Decanter magazine made quite a bold statement this week – and a bit of a marketing move for their August issue. “Screwcaps are best: Decanter Verdict“, says the title, as if the pronouncement was the definite word on the issue.
Many of the big guns are on deck to affirm the position. Steven Spurrier calls the Stelvin screw cap enclosure “one of the best things to have happened to wine in my lifetime”.
Yet if you keep reading, there is a big if that pops up further down in Adam Lechmere’s article:
Decanter may champion screwcap even for many robust reds, but on the subject of ageing wines, the jury is still out.
Anyhow, just reading the host of sometimes harsh and fiery comments (like the one from Neil Larson, winemaker at Tahbilk, an Australian winery I particularly like) that have been posted in reaction to that news bit shows that the debate is very, very far from over.
I’ll stick with a more moderate view that was beautifully and sensibly expressed by Tablas Creek’s Jason Haas, on the Tablas Creek Vineyard Blog. Which enclosure is best? It’s “not an open and shut case”, he says. Tablas Creek uses both. For rosés and whites that are best drunk young, crisp and fresh, he’ll go for Stelvin. For roussanne-based whites and red, which improve with aging and slow contact with oxygen, he prefers cork. Do read through his arguments, on his blog post and in a great interview on Appellation America, it’s quite precise and far away from the black and white views too often seen in this debate.
Mind you, on a recent update, Haas seems to be leaning a little further towards the screw cap, but again, in moderation. I completely applaud the view that we should take a gradual approach to this, instead of throwing the wine out with the enclosure, and waking up in twenty years with old wines that have aged in weird and unpleasant ways. Would that be the case? I don’t know. As the Decanter article says, the jury’s still out.
Besides, there are a number of issues to be taken into account. Different enclosures may well be more tools for the winemakers, depending on what they’re hoping to achieve. Matt Kramer pointed out in a Wine Spectator column that winemakers need to adjust their techniques to ensure that wine under screw cap doesn’t develop “sulfide characters, which typically produce rubbery or burnt-match odors.” Would that be a kind of screw cap taint I’m smelling there? (Kramer’s piece, based on French research, also debunks some myths about storing wine, like the idea that storing bottles upright will cause them to spoil.)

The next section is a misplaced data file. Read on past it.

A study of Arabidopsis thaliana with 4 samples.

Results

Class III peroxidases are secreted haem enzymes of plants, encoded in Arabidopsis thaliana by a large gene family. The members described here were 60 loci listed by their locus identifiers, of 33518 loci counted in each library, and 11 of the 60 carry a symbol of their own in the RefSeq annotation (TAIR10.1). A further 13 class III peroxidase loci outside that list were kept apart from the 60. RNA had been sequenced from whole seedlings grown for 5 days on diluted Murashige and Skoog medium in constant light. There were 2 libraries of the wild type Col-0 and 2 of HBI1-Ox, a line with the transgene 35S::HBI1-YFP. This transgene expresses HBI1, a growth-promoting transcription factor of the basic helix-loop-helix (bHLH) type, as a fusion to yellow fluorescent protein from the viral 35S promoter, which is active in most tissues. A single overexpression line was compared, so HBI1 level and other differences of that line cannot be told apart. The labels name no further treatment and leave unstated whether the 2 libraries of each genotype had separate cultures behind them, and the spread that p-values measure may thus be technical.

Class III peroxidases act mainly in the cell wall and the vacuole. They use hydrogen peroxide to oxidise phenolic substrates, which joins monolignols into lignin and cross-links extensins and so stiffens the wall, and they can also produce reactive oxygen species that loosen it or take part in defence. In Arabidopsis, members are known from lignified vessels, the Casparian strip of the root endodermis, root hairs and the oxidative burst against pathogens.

The type of wine, the sensitivity of various varietals to oxydation, the aging potential, or the quality of the cork itself, which is certainly a major issue. The presence of cork taint in wines is certainly related to quality issues in the cork industry, but as an article in the January 2007 issue of Wines & Vines points out, chlorinated cleaning products may have as much of a responsibility in the prevalence of cork taint than cork itself.
(The article even gives a solution for saving corked wines: “There’s a nifty home remedy for single TCA-ridden bottles: pour the wine in a bowl, crumple in a couple feet of Saran Wrap and stir–the polymers in the plastic pick up the TCA.” I’ll have to try that: I’ll let you know how it works the next time a corked bottle… pops up.)
And there is a sort of “best of both worlds” solution emerging with DIAM corks, made from natural cork but treated in order to eliminate the 2,4,6-trichloroanisole or TCA, a fungi-related compound at the source of cork taint. There are convincing arguments for that enclosure, as can be read on the Hugel et fils blog. After years of experiment, Hugel has concluded that the DIAM is more reliable and the results in the wine’s evolution are more predictable. Anyone at Decanter care to comment on that?